DORCHESTER, Mass. - Boston Police officers and community members gave blood Thursday in honor of two East Boston officers shot in the line of duty.
“I thank God every day for the past week that we're not burying two officers. There was a vicious, violent attack on them,” Boston Police Patrolmen’s Association President Patrick Rose said. “Matty's still in the ICU. Him and his wife Caitlin are very strong and courageous people, but they still need people's support and prayers.”
The Boston Police Patrolmen’s Association put on the blood drive with the American Red Cross in honor of officers Richard Cintolo and Matthew Morris who were shot last Wednesday. If it was for blood transfusions, they likely would have not survived. Boston Police Patrolmen’s Association President Patrick Rose took action to help his fellow police officers as soon as he could by hosting the drive.
Hundreds of people came out to support both officers by donating blood that could help save lives, just as it did for Cintolo and Morris.
“There was severe blood loss at the scene and if it wasn't for the Red Cross, we would have lost two brothers the other night,” Rose said.
Officer Cintolo was released from Massachusetts General Hospital Wednesday and Officer Morris is in stable condition, still recovering in the hospital.
Both officers have served on the force for more than a decade—Officer Morris with 12 years and Officer Cintolo with 27 years. For other officers, that makes this personal.
“It is something that's very close to my heart,” Sgt. Detective Gary Eblan said. “It is something that means a lot to me and I take very serious.”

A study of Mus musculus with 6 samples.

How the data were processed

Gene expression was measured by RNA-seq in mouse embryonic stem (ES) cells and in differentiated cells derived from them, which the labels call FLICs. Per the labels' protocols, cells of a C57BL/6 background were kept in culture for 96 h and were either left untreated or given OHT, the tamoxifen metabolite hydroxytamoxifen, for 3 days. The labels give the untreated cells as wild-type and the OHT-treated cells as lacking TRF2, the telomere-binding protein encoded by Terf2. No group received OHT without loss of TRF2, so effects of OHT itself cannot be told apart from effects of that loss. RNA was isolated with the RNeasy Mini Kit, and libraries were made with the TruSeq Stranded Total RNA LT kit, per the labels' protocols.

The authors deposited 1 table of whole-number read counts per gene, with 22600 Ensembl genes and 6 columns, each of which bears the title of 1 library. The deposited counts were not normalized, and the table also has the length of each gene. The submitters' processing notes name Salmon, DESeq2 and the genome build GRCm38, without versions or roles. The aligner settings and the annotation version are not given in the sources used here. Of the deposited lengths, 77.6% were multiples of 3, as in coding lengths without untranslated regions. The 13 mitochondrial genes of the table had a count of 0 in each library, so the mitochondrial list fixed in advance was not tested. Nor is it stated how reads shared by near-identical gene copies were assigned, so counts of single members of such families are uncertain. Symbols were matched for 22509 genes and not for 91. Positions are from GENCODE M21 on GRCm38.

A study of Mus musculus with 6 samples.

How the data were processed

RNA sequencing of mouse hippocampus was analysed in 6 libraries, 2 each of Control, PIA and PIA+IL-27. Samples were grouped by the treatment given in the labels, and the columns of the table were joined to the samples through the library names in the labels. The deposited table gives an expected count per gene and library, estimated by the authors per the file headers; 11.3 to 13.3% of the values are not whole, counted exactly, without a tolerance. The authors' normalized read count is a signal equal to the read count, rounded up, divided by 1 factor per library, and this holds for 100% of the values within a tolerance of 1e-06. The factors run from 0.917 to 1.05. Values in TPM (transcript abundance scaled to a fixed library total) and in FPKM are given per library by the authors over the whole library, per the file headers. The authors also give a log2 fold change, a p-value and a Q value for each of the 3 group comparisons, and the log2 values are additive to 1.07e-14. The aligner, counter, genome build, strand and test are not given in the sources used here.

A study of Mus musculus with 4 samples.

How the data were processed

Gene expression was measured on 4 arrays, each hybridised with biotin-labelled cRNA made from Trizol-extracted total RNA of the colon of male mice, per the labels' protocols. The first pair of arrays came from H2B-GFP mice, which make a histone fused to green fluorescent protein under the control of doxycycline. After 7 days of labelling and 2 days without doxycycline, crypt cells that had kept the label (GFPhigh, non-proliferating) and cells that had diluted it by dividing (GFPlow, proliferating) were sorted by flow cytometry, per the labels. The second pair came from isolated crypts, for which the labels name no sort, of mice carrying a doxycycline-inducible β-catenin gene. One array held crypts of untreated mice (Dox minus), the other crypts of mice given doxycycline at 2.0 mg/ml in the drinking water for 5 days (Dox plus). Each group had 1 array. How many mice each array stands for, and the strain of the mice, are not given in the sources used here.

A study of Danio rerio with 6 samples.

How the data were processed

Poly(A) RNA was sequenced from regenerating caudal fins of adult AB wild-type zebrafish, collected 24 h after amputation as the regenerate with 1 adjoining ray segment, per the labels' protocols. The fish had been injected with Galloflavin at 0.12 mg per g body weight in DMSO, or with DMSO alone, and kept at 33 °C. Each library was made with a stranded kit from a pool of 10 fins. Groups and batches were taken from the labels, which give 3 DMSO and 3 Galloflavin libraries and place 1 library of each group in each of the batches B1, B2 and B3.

Officer Morris' wife, Caitlin Morris, even came out to donate blood in her husband's name.
“We're very lucky that Ritchie Cintolo is going home with his wife Sharon and that he's starting his next phase of recuperation at home,” Rose said. “We're still praying that Matty gets out soon. Matty’s got a long road to recovery as does Ritchie but Matty has a long road to recovery.”
Fellow officers gave support to Cintolo and Morris through whole blood and double red blood cell donations, both instrumental in the transfusions that saved their lives.
“Ninety percent is trauma and that's what they use it for, so these guys, these poor guys, probably used a lot of blood, unfortunately,” said Janet Webber, team supervisor of the American Red Cross.
Double red blood cells help the clotting mechanism in the body to start working again after serious injuries such as gunshot wounds.
“This is a pretty tumultuous time in the profession,” Eblan said. “There's police officers we see across the country in Baton Rouge, Dallas, here in Boston. Police officers are getting shot on a regular basis and it's a sad statement, but we're here to support our brothers.”
Eblan urges the community to donate blood for those in need and help save lives. He says all it takes is a little bit of time.
Caitlin Morris sending Thanks to all, while giving blood in her Husband's (Matt's) name today at BPPA Offices. pic.twitter.com/PNLfZcuXW4— BPPA (@BPPA1) October 20, 2016
Rose hopes BPPA’s drive will bring awareness that blood saves lives.
“We're coming into the holidays shortly and you know don't let something like this wait for a tragedy to give blood,” Rose said. “If people could step up and do it you know a couple, three, four times a year that'd be great.”
The American Red Cross received over 200 units of blood from officers and community members at the drive.
“As far as the outpouring of support of the general public towards our officers, I'm extremely grateful,” Rose said. “I think that it kind of gives just a snapshot of what police officers live with day in and day out.”
If you are interesting in donating, click here for a list of upcoming blood drives in Massachusetts.